UK regulators are weighing up a range of a measures to rein in potential risks posed by ‘cryptoassets’.
Christopher Woolard, Financial Conduct Authority (FCA) executive director of strategy and competition, told a UK symposium that government agencies were mulling new control settings in the wake of a report on the cryptoasset sector.
Woolard said the UK Treasury, FCA and the Bank of England cryptoasset taskforce report published at the end of October “concluded that there are three major harms” linked to the sector.
“The first harm is to consumers, who may buy unsuitable products, face large losses, be exposed to fraudulent activity, struggle to access market services, or be exposed to the failings of service providers, such as exchanges,” he said in the speech. “Then there’s potential harm to market integrity. Opaque practices and misconduct could damage confidence in wider market functioning.
“And of course, we cannot overlook the risk of financial crime, where cryptoassets have been used as part of illicit activity such as money laundering and fraud.”
The joint government regulatory taskforce lumped cryptoassets into three categories: ‘exchange tokens’ such as bitcoin; ‘security tokens’ used in ‘initial coin offerings’ and the like; and, ‘utility tokens’ that can be “redeemed for access to a specific product or service” via a blockchain service.
“We’re concerned that retail consumers are being sold complex, volatile and often leveraged derivatives products based on exchange tokens with underlying market integrity issues,” Woolard said. “Given this, the FCA will also consult on a prohibition of the sale to retail consumers of derivatives referencing certain types of cryptoassets (for example, exchange tokens), including contracts-for-difference, options, futures and transferable securities.”
He said the UK financial regulator would also consult by the end of this year on “perimeter guidance” to determine which cryptoassets fall inside the current regime.
“Treasury is to then consult on whether the regulatory perimeter requires an extension to capture cryptoassets that have comparable features to specified investments, but currently fall outside the perimeter,” Woolard said.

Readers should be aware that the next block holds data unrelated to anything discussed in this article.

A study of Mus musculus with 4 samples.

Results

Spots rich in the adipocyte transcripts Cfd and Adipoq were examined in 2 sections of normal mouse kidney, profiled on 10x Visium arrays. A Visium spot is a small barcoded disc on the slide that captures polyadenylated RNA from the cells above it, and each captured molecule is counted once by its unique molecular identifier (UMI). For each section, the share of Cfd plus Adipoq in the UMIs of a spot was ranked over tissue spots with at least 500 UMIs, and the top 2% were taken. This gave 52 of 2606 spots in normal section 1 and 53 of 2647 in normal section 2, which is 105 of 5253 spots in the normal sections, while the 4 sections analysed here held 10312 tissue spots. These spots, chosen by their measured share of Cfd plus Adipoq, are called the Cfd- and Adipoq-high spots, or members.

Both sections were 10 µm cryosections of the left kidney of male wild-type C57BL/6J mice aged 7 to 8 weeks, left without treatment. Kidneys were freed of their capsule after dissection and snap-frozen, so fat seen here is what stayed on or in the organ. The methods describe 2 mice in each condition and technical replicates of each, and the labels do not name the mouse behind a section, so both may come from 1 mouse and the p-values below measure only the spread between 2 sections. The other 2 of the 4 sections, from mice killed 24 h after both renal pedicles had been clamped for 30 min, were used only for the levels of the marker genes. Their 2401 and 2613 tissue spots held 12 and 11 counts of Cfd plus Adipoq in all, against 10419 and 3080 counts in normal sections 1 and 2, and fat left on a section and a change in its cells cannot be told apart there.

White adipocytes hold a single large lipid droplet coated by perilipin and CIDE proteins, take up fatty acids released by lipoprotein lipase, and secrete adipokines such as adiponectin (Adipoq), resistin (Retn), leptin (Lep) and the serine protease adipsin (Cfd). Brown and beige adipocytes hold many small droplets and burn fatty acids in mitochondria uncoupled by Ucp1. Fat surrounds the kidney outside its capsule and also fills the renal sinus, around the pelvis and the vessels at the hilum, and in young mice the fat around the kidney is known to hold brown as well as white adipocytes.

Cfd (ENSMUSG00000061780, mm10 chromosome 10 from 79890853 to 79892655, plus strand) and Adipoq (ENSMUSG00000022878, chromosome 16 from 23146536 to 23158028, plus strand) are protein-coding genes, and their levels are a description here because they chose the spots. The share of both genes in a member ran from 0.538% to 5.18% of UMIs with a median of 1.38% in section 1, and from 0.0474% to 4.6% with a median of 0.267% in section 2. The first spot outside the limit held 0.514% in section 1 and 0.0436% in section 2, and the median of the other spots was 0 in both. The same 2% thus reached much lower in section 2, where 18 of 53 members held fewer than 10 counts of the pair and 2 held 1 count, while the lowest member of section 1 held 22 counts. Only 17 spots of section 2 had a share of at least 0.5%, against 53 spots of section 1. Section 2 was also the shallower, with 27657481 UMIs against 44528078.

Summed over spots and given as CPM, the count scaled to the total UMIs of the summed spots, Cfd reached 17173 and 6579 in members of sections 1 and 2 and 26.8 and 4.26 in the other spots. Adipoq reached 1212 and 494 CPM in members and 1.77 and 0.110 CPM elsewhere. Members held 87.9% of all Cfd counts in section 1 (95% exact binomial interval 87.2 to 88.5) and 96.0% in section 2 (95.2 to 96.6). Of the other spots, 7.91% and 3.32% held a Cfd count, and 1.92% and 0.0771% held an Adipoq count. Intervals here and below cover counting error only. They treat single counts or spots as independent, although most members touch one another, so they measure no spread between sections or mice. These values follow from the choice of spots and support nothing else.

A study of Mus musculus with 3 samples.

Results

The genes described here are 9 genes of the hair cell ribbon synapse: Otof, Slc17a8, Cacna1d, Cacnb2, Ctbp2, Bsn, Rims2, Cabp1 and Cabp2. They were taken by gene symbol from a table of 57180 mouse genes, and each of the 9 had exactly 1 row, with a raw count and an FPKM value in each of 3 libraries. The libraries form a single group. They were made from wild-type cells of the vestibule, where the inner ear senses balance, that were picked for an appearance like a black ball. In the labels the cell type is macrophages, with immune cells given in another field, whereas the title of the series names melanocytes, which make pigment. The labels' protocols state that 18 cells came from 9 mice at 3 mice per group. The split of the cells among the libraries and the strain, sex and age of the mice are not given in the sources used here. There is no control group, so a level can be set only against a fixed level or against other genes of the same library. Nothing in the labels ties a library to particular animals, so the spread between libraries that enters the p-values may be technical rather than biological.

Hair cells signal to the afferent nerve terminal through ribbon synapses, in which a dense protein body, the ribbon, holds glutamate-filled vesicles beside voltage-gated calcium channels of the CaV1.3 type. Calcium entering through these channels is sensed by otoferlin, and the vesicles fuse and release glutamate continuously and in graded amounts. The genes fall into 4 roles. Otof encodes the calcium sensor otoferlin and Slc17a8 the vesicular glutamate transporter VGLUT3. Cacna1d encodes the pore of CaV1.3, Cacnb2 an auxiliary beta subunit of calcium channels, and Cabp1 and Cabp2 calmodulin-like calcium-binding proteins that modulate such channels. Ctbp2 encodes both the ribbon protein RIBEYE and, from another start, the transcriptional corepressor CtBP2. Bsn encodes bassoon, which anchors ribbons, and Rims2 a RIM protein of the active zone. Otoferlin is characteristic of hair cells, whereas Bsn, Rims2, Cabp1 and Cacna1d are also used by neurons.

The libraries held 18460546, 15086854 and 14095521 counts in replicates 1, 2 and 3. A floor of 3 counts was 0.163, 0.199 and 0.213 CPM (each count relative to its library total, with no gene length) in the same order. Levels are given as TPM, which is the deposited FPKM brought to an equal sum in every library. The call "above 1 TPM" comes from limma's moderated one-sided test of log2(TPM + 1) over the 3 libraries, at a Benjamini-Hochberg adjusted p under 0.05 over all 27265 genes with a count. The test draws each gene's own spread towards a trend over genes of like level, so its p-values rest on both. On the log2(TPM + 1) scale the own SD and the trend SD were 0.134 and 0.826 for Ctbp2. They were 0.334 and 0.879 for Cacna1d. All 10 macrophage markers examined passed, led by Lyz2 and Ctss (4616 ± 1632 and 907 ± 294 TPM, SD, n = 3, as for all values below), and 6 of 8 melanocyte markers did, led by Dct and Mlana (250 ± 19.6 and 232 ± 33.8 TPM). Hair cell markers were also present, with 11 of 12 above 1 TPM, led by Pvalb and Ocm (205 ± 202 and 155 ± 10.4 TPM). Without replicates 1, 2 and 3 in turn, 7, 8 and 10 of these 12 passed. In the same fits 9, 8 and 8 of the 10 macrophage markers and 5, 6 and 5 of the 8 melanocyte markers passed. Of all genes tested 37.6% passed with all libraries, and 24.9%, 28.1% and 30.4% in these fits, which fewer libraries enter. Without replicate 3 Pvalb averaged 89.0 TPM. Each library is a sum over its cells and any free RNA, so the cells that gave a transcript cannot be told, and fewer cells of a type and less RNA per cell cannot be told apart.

Furthermore, the Treasury planned to “consult and legislate” on extending the UK anti-money laundering rules to cover the cryptoasset market.
“Finally, the Taskforce has also concluded that exchange tokens present new challenges to traditional forms of financial regulation,” Woolard said. “The Treasury, therefore, plan to complete further analysis on whether regulation could meaningfully and effectively address the risks posed by exchange tokens and what, if any, regulatory tools would be most appropriate.”
He said the consultation would begin early next year “on whether and how exchange tokens, as well as related actors such as exchanges and wallet providers, could be regulated effectively”.
“However, we also recognise the limits of domestic action on this global, cross-border issue,” Woolard said. “We will, therefore, also seek to work collaboratively with international counterparts, including standard-setters and other national jurisdictions.”
About half of the current batch of firms playing in the FCA’s ‘Regulatory Sandbox’ were using some form of distributed ledger technology (also known as blockchain) or cryptoasset to build their products.
“Given that both UK firms and consumers are likely to experiment with current and future generations of cryptoassets, it’s vital we head off risks,” Woolard said.
Last year the Financial Markets Authority (FMA) concluded that most cryptoassets would likely fall under its purview.
An FMA guide issued at the time says: “As this sector develops, we will continue to monitor and consider what additional regulatory support and requirements may be appropriate for the offer of these products and services.”